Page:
Pancreatic Enzyme Replacement Therapy in Patients with Exocrine Pancreatic Insufficiency

Patients with exocrine pancreatic insufficiency treated with pancreatin for up to one year experienced improvements in gastrointestinal symptoms and reduction in the severity of their recurrent pain.

Patients with exocrine pancreatic insufficiency treated with pancreatin for up to one year experienced improvements in gastrointestinal symptoms and reduction in the severity of their recurrent pain.

The authors of “Pancreatic Enzyme Replacement Therapy in Patients With Exocrine Pancreatic Insufficiency Due to Chronic Pancreatitis: A 1-Year Disease Management Study on Symptom Control and Quality of Life,” published in the journal Pancreas, evaluated the effectiveness of treatment with the pancreatic enzyme replacement pancreatin in a group of patients with chronic pancreatitis (CP) with exocrine pancreatic insufficiency (EPI).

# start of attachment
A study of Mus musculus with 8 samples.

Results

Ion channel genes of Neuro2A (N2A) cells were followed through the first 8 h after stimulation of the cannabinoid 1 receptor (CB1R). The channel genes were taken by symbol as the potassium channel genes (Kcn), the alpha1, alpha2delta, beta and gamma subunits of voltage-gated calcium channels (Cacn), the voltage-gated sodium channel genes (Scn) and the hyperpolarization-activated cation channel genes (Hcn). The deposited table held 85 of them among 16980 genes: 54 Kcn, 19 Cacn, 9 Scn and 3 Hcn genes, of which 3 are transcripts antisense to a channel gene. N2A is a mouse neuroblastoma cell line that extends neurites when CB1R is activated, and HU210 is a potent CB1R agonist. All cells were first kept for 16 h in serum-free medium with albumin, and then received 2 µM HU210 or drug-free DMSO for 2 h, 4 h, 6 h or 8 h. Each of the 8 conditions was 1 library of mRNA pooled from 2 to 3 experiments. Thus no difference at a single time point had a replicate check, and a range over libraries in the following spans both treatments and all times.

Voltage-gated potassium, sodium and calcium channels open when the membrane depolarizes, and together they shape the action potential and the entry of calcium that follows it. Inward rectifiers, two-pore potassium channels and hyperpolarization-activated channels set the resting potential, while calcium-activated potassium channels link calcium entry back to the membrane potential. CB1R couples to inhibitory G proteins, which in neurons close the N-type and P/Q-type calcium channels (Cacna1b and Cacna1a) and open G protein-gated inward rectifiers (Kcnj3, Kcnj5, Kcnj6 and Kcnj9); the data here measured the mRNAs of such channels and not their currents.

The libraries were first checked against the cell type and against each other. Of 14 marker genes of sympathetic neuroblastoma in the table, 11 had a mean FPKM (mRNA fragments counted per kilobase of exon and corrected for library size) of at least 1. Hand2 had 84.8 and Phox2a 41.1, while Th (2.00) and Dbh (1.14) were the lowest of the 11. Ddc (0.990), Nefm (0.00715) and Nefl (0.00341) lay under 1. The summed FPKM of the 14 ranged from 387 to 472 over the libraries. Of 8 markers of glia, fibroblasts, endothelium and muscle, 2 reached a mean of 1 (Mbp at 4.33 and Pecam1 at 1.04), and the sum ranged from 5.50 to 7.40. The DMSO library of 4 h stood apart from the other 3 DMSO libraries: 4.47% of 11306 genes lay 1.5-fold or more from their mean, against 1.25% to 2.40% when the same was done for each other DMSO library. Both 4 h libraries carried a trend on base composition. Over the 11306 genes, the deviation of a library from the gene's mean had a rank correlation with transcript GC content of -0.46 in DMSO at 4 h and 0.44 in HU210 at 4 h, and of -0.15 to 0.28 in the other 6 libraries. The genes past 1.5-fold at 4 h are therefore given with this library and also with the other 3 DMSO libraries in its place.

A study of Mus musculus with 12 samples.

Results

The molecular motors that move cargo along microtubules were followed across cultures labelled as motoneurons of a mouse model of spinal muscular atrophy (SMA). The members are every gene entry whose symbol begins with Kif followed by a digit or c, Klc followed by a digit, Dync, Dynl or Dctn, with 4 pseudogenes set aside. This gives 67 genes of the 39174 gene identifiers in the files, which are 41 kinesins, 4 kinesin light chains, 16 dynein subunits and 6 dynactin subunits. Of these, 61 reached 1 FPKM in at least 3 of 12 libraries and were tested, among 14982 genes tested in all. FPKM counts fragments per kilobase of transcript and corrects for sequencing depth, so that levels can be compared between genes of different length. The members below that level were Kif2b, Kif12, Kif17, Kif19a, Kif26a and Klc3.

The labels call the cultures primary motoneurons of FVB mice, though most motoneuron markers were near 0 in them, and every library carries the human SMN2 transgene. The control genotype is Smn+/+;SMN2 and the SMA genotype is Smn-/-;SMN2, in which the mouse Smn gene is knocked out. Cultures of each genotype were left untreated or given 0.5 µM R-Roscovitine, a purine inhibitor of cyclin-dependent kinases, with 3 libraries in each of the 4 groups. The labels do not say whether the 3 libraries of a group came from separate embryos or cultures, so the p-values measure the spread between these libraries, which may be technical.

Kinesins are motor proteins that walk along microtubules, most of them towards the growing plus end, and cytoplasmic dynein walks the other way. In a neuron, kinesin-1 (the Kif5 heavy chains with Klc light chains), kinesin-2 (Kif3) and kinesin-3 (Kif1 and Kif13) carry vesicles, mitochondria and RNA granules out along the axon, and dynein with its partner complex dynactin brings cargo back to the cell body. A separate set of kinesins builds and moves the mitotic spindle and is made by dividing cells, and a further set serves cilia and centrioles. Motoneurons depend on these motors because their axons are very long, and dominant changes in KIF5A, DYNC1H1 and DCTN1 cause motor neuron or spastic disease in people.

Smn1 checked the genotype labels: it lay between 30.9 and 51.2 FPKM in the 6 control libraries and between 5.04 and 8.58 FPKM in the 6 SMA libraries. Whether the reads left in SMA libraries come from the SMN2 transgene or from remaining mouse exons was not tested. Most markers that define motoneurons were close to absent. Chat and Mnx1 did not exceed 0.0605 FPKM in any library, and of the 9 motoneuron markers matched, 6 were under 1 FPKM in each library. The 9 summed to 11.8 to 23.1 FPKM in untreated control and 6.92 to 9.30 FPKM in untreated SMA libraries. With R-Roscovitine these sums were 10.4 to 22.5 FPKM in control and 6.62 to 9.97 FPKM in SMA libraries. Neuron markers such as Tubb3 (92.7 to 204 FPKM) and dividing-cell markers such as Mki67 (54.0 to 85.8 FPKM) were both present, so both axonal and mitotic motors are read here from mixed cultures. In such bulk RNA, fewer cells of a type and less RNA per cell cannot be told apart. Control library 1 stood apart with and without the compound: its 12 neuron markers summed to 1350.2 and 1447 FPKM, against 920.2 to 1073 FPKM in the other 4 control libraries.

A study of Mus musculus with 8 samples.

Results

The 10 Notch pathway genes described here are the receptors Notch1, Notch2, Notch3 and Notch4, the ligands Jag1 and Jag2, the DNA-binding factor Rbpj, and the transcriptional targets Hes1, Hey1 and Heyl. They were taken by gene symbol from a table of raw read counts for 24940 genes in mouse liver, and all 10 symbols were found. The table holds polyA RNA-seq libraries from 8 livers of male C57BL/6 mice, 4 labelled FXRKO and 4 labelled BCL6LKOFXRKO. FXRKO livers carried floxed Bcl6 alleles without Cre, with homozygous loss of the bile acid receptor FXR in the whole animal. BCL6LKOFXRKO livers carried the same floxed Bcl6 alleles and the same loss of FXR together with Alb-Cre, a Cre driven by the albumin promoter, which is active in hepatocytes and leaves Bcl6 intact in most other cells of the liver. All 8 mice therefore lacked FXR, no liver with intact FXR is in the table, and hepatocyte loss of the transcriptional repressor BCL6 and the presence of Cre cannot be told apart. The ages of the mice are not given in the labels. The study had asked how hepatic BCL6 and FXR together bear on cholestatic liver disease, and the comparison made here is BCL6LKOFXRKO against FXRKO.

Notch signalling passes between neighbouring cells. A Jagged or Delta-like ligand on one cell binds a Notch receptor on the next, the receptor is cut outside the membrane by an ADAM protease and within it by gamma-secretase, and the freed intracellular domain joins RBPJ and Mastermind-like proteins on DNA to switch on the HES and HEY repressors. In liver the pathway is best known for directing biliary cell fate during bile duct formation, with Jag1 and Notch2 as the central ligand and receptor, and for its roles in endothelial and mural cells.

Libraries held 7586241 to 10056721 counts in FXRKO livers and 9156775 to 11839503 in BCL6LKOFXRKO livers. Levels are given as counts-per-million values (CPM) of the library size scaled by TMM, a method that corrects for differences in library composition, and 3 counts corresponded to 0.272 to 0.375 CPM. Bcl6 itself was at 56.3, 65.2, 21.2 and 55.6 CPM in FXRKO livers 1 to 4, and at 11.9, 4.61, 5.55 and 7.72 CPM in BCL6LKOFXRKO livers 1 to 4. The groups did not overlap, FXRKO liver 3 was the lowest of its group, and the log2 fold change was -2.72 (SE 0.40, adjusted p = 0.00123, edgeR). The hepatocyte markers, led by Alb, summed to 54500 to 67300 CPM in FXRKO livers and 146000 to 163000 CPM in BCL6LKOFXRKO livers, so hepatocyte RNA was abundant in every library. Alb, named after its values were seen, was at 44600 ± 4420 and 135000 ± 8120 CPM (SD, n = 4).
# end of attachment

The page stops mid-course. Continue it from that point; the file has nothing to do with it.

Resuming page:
Researchers recruited two cohorts of patients: those who were already receiving treatment with pancreatin (n=206) and treatment-naïve patients with newly diagnosed EPI (n=88). Patients’ symptoms were documented and quality of life was assessed using the gastrointestinal quality of life index (GIQLI) at baseline, 6 months, and 1 year.

The authors reported that “the proportion of patients experiencing gastrointestinal symptoms and recurrent pain after 1 year was significantly reduced in both cohorts (P < 0.001). The alleviation of symptoms was reflected in GIQLI score improvements at 1 year in both cohorts (P < 0.001), independent of CP severity and etiology. Improvements in GIQLI score were more pronounced in cohort 2 (P < 0.001).”

Based on these results, the authors concluded that treatment with pancreatin is associated with symptom relief and improvement in quality of life in patients with CP and EPI.